Key points

  • Tourmaline is bright and beautiful, and comes in a rainbow of colours.
  • The unique chemical composition of tourmaline gives it the ability to record its own geological history.
  • Tourmalines have piezoelectric properties, so it can generate an electric charge under mechanical pressure.

Tourmaline, a crystalline silicate, comes in a kaleidoscope of colours. Depending on the elements present in its composition, this beautiful mineral can appear black, green, red, pink, or even exhibit a watermelon-like gradient from green to pink.

a sample of tourmaline crystal held in tweezers. The crystal is roundish in shape and is green on the outside, graduating to a bright pink in the middle.
Tourmaline comes in many colours including the spectacular green to pink watermelon variety. Image from

Research scientist Dr Mario Iglesias-Martinez is a passionate gemmologist whose work discovering and characterising critical minerals, unearths beautiful tourmaline specimens in lithium-bearing pegmatites.

Pegmatites are igneous rocks that are formed when magma crystallises.

“I’ve been fascinated by the diverse spectrum of colours found in tourmaline and its intricate zoning patterns, often found within a single crystal," Mario said.

"As a researcher, I’ve delved deeper into this mineral’s remarkable potential to capture the numerous processes that formed it, unveiling a multitude of geological events through its history."

Recording geological memories

Tourmaline’s ability to record geological data through its internal structure tells us a lot about geological processes, including volcanic eruptions.

"Some people have described tourmaline as a geological DVD; a home movie etched into its structure," Mario said.

Its recording ability comes down to tourmaline’s diverse chemical composition, resilience across varying geological environments, and remarkably slow diffusion rates—where atoms migrate from areas of high concentration to low concentration.

Tourmaline crystals in the Giraul pegmatitic field in Anglola.

Piezoelectricity: electric under stress

Beyond their colourful home movies, tourmalines exhibit another fascinating physical property: piezoelectricity.

The structure of the crystals means that when mechanical stress is applied, they can generate an electric charge. This unique feature finds practical applications in many industries.

It is used in pressure-sensitive gauges and sensors, as it can detect tiny disturbances. It makes the sensors ideal for testing equipment and for medical imaging. They are also used in depth sounding instruments in submarines and devices for military equipment.

Interestingly, heat also causes the crystalline ends to polarise. Even warm sunlight can cause the crystal ends to charge and attract particles from the air, making them look dusty.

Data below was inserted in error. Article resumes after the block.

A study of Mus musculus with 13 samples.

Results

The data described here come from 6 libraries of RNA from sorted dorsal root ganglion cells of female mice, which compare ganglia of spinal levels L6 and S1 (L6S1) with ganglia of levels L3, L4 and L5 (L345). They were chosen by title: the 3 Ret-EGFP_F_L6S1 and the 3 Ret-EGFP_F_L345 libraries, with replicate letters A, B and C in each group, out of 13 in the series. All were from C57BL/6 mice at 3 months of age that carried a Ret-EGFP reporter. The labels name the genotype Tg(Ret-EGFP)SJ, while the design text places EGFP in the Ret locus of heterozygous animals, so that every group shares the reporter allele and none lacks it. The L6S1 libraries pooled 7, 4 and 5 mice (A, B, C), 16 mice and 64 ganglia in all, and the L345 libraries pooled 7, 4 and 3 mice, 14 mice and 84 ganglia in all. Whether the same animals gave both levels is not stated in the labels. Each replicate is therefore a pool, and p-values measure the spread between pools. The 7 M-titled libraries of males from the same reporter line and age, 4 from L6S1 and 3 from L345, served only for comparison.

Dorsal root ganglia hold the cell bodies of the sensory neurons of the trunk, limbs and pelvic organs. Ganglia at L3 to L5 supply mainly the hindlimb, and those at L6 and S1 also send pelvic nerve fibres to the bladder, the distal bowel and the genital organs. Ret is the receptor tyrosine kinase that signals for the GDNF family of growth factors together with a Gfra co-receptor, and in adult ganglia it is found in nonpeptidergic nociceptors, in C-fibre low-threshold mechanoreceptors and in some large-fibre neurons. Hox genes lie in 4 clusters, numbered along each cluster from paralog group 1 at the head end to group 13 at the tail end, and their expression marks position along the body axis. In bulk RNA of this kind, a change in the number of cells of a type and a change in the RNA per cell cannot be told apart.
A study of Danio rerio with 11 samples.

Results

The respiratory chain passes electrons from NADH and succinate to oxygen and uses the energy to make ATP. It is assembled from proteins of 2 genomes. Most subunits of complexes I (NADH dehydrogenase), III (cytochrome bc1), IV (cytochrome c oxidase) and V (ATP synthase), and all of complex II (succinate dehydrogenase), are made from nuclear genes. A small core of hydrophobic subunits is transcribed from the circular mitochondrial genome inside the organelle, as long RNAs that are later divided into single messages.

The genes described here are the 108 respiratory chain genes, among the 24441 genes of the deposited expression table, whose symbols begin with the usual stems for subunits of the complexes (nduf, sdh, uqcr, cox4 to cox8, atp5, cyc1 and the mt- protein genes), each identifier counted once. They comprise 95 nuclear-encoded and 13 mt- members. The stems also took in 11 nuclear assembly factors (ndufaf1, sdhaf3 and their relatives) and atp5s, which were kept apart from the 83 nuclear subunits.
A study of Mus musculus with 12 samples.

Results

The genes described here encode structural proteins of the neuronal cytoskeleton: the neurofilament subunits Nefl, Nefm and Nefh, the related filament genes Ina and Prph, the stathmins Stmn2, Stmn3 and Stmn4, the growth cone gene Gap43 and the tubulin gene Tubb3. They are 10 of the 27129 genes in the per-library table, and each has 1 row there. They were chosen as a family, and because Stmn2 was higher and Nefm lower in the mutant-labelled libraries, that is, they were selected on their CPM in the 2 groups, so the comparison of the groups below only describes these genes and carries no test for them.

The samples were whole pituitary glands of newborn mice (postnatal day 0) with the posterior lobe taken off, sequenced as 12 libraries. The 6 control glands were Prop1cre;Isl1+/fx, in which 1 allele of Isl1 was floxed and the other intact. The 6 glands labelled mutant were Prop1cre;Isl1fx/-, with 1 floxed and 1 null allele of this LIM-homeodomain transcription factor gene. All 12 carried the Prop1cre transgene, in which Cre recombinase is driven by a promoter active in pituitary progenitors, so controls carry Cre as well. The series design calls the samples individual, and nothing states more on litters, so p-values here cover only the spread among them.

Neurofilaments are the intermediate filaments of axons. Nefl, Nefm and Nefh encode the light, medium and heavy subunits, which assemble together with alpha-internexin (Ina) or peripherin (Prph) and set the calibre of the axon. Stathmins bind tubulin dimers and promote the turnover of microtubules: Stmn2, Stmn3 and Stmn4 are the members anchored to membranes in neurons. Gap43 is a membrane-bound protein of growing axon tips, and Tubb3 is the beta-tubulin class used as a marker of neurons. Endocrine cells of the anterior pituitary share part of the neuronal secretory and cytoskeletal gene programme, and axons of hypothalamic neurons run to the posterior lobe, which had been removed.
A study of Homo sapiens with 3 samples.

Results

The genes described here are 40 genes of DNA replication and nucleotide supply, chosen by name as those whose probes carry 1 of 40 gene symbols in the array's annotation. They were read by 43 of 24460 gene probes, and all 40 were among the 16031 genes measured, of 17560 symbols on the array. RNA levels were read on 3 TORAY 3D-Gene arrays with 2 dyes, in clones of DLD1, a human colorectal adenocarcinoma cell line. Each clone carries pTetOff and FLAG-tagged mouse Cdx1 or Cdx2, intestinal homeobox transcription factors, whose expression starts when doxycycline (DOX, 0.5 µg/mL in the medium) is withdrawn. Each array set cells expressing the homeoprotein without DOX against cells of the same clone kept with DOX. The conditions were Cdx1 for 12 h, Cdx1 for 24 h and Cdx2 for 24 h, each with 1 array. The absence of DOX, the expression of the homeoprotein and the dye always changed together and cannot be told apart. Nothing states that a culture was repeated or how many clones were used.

Paraiba tourmaline from Minas Gerais (Brazil). This variety of tourmaline is highly prized for its neon blue-green colour and can rival some diamonds in value. Photo by Vinicius Louro, CSIRO

Not just pretty, tourmaline is useful

Tourmaline is sought after in the world of jewellery-making, where stones are highly prized for their many colours. And the global market is hungry for jewel-quality tourmaline. The star of the tourmalines is the neon green-blue coloured Paraiba variety. Exceptional specimens even rival diamonds in value. 

But tourmaline is not just pretty. It’s a natural dynamo, permanently emitting negative ions and far-infrared radiation. This creates an electrostatic field and releases rare microelements. The result? A boost for microorganisms and plants, countering the effects of environmental pollution.

"Studies have also shown that tourmaline can activate gasoline and diesel," Mario said.

"Its far-infrared radiation can interact with carbon to carbon (C=C) bonds, enhancing fuel performance and reducing pollutants."

Research Scientist and gemmologist Dr Mario Iglesias-Martinez, loves working with tourmaline and discovering its potential.

Largest library of mineral specimens

We are currently undertaking preliminary tourmaline investigations using data from the National Virtual Core Library (NVCL). This is the world’s largest drill core mineralogical database with data and imagery from sites across Australia. The NVCL's valuable information is freely available to users worldwide.

Our research captures the way light reflects off crystals, rock samples and drill cores. This information allows us to better understand the composition of geological material.

We’re creating a tourmaline database, spanning wavelengths from 350 to 14,500 nanometers, using Fourier-transform infrared spectroscopy.

“This method of spectroscopy gives us insights into the infrared absorption or emissions of various mineral samples,” Mario said.

Combine this with data from X-ray diffraction and other mineral analysis techniques, and geologists can make better use of information for mineral systems research.

"This can aid our discovery of pegmatites which are potential sources of lithium, tantalum, beryllium, and tin," Mario said.

Lithium is a critical mineral used widely in batteries for electronic devices and storage for renewable energy.

"If tourmaline is established as an indicator mineral (a mineral that indicates the presence of other minerals of interest), it could help prospectors efficiently target lithium-rich deposits. This will help with exploration accuracy and reduce time and cost," Mario said.